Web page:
A statue of the fast food chain's mascot was defaced outside of a Ronald McDonald House in Burlington, Vt., causing charity leaders to ask why someone would commit such a heartless crime. 



“It provides a safe atmosphere,” Joshua Ramiez, 11, told Boston's WCVB News, “If someone sees me inside here (with medical devices attached), they’re not going to make fun, and they’re going to support me.”



To the kids staying at the Ronald McDonald House, the iconic statue represents more than the fast-food chain that sponsors the home.

“[The children] would sit on Ronnie, take pictures with Ronnie,” Ms. Bickford told WCVB News. “Isn’t it sad?” 

“It’s just not funny,” Fannie Hart, who is staying at the house with her son Xavier, told WCVB. “[The Ronald McDonald house] is the last place where you’d want to hurt someone.”

Bickford said it will likely cost about $7,500 to buy a new statue and the house has filed an insurance claim. As a future precautionary measure, Bickford says they will keep the new statue indoors and install security cameras outside.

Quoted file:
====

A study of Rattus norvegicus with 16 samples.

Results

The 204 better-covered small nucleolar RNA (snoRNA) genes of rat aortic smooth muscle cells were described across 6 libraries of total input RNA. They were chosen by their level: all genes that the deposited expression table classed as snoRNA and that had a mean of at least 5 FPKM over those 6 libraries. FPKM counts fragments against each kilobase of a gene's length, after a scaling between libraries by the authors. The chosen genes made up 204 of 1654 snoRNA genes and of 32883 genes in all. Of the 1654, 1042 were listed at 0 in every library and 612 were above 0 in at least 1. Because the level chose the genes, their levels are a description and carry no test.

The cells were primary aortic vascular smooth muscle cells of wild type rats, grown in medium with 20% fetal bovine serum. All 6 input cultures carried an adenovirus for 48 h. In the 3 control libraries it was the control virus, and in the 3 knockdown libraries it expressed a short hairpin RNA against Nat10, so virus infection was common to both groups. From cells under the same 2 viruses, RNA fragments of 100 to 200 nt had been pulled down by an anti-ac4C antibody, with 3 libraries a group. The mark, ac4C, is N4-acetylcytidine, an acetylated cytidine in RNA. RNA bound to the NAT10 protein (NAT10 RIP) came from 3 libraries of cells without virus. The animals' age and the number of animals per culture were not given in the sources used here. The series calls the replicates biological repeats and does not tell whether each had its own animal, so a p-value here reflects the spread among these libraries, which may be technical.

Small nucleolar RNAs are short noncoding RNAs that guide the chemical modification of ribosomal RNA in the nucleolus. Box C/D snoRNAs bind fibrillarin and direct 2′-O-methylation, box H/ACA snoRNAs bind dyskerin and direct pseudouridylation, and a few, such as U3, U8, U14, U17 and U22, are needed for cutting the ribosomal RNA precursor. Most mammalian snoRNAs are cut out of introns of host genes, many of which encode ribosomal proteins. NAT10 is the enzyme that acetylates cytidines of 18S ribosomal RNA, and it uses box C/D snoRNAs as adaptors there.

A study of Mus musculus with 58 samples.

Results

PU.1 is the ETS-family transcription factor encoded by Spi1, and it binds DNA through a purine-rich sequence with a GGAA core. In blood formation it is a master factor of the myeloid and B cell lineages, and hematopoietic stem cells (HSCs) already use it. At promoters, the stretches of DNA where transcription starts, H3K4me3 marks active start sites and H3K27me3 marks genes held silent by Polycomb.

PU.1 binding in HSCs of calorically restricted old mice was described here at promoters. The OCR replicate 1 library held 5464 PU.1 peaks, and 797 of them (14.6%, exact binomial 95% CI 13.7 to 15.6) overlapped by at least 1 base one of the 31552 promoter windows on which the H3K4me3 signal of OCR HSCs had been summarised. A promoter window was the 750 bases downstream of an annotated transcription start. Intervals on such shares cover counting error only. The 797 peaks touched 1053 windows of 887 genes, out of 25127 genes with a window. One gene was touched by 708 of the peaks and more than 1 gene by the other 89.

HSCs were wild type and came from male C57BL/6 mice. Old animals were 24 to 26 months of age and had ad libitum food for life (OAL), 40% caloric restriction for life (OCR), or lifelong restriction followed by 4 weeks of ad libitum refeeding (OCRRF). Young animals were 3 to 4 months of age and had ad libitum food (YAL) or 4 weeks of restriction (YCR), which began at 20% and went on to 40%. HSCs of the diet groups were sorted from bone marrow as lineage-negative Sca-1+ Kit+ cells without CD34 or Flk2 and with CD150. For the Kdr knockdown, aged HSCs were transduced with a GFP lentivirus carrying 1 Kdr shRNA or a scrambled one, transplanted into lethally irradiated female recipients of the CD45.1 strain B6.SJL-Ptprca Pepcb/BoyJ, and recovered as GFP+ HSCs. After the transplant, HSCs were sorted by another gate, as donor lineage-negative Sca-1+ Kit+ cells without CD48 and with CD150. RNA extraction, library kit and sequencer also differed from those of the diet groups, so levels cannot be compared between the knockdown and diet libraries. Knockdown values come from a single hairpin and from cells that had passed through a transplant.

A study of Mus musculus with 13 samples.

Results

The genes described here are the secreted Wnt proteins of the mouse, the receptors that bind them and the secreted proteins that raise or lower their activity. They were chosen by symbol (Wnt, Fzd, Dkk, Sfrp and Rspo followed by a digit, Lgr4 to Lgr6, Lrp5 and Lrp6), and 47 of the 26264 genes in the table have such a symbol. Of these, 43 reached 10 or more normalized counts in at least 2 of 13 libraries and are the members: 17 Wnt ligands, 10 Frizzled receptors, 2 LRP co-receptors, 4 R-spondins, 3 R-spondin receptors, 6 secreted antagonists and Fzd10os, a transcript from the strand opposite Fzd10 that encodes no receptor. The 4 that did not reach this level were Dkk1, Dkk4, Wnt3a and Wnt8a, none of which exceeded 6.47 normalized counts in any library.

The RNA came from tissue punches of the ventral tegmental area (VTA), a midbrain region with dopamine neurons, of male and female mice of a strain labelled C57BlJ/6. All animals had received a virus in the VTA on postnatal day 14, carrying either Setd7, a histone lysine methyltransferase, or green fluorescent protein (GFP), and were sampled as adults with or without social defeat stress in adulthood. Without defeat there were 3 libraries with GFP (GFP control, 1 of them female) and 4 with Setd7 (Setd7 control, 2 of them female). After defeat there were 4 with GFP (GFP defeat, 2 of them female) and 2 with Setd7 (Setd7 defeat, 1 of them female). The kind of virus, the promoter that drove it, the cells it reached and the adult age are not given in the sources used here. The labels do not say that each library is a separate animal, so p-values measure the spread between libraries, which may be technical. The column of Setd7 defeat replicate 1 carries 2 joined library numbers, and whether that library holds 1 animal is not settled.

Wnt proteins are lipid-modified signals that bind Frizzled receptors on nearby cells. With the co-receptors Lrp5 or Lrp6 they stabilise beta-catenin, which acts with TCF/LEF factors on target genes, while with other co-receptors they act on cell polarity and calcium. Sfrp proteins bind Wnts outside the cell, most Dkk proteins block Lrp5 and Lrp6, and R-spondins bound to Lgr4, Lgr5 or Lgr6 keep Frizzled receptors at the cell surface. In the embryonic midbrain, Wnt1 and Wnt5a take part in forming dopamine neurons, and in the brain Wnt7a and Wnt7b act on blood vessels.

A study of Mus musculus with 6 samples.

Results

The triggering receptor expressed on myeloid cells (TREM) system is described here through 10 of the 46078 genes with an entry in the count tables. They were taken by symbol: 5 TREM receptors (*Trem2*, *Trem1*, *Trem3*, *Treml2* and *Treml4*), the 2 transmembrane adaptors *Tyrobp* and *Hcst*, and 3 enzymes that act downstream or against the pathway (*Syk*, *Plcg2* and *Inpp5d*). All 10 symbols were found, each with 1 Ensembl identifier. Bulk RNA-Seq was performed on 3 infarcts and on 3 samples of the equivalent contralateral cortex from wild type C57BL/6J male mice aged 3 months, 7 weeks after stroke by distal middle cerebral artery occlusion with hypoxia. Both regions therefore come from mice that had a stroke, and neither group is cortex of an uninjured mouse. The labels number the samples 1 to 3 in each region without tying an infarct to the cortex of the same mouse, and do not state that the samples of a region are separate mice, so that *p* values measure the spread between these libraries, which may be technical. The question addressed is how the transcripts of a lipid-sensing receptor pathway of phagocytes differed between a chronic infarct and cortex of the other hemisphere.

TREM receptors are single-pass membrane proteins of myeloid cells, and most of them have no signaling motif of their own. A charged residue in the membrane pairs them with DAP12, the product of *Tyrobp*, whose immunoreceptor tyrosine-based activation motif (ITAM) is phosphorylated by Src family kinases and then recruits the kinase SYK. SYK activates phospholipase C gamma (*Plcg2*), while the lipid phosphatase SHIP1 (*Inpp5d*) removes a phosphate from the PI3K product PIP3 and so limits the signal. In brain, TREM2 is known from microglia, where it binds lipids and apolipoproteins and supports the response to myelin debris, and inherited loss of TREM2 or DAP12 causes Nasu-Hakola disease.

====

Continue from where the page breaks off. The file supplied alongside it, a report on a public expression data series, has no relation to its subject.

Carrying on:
Sympathizers started a GoFundMe page, a popular online fundraising site. Within one day, 18 people donated almost $3,000 to fund a new statue.


“I plead to anybody who did do this act, that they would come down and maybe look and see what we have here and what it really means to come into this house,” Bickford told WCVB. “And they might have second thoughts about what they did. And maybe they’d even donate some volunteer hours here.” 

And Burlington isn’t the only New England town to witness Ronald McDonald vandalism this week.

Mary Ryan and her husband bought an antique Ronald sculpture for $1,200 years ago, but it went missing in August after their daughter hosted a teenage house party at their home in Leverett, Mass. Northampton police found the three-foot statute Wednesday near a trash bin outside a local health club.  

This report contains material from the Associated Press.